World’s Only Michelin-Starred Peranakan Chef Brings His Cuisine to the Asia Society. What’s Peranakan? Read on.


Step into the stately Garden Court Cafe at the Asia Society between now and June 4th and you’ll be treated to a rotating menu of Peranakan dishes from Chef Malcolm Lee of Candlenut in Singapore. Candlenut is the first and only Peranakan restaurant to boast a Michelin star, awarded last year.

“Peranakan is part of being Singaporean,” says Chef Lee, after presenting lunch in the sunny atrium off of the museum lobby. “Singapore cuisine consists of two things: The hawker centers selling chicken rice, chili-crab and all that where you have so many different kinds of dishes in one location. Then you have the Peranakan side. This spectrum forms the unique aspect of Singaporean cuisine that you can’t really find in any other parts of the world.”

Peranakans are Straits-born Chinese, meaning ethnic Chinese whose descendants married and settled in the Malay archipelago, rendering a cuisine that is a fusion of cultures. One of their most popular dishes of laksa, a spicy curry-based noodle soup, has “escaped the Peranakan recipe books,” says Lee. “It’s essentially a Peranakan dish, but it escaped to the hawker centers, so that’s become more famous for being Singaporean than Peranakan.”

Some of the elusiveness of the cuisine may be due to the unique ingredients still tough to source, even in our global metropolis. The gula melaka (coconut palm sugar) sauce used to top the coconut panna cotta dessert was nearly a no-show: “We almost didn’t have it for lunch today. We used up what I brought from Singapore, so [the kitchen] was rushing to find it. They searched all of Chinatown and when I came in at 10 [this morning], they said ‘we still can’t find it.’ Things that can be so simple, so common, can be hard to find, but it’s such a great flavor to eat.” Fortunately, a source was found—though not revealed—and the sweet sticky syrup redolent of a toffee-like caramel came to be drizzled over the cloud-like dessert laced with translucent jelly bits made using pandan, a bright, fragrant herb commonly used in southeast Asian cooking.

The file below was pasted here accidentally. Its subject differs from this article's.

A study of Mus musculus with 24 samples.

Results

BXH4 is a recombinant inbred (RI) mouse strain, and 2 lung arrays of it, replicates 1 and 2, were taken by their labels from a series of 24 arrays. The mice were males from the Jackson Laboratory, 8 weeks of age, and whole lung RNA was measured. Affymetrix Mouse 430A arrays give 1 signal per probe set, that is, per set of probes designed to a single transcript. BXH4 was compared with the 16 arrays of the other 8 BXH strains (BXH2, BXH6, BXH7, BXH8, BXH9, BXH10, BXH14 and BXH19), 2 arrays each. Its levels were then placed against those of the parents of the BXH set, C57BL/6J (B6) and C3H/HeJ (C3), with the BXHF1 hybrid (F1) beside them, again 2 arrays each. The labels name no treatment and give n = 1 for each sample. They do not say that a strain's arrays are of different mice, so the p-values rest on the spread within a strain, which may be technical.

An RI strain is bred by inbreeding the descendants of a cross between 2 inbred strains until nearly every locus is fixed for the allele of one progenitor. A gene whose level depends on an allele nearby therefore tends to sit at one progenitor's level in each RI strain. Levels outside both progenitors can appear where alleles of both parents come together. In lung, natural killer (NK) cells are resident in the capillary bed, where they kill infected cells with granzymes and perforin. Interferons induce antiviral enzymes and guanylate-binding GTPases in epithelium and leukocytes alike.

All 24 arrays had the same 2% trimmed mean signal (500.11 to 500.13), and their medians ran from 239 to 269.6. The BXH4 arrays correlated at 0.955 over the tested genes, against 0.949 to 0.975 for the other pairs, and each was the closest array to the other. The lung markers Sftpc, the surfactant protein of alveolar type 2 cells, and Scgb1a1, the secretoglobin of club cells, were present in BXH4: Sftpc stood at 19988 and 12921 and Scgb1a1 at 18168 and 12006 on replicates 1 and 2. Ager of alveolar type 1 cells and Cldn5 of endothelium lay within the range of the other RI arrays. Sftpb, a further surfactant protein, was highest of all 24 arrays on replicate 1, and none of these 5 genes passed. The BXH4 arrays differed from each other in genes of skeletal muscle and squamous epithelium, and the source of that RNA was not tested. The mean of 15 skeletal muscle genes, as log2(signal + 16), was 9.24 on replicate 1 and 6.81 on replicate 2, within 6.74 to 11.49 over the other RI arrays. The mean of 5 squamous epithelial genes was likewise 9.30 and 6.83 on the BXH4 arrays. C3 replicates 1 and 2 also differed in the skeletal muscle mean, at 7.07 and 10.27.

The sourcing of ingredients was one of Lee’s primary considerations when conjuring up his state-side menu—“If they would have problems sourcing it, there’s no point, right?”—as was the importance of creating something visitors to the museum would enjoy while maintaining the integrity of his native cuisine. “These are really dishes based on the Peranakan culture. The principles behind it are there, the ingredients are there, it’s just the combination that may be a little bit different. This is quite acceptable, I think. We do more interesting combinations with more interesting ingredients at the restaurant, but I think this is a very good introduction to the cuisine.”

Chef Lee’s Charred Octopus with Cucumber and Pineapple Achar (a pickled condiment) will be featured this week at the Garden Court Cafe. For information on the rotating menu items from Chef Lee, go to or check out the museum’s Twitter @AsiaSocietyNY.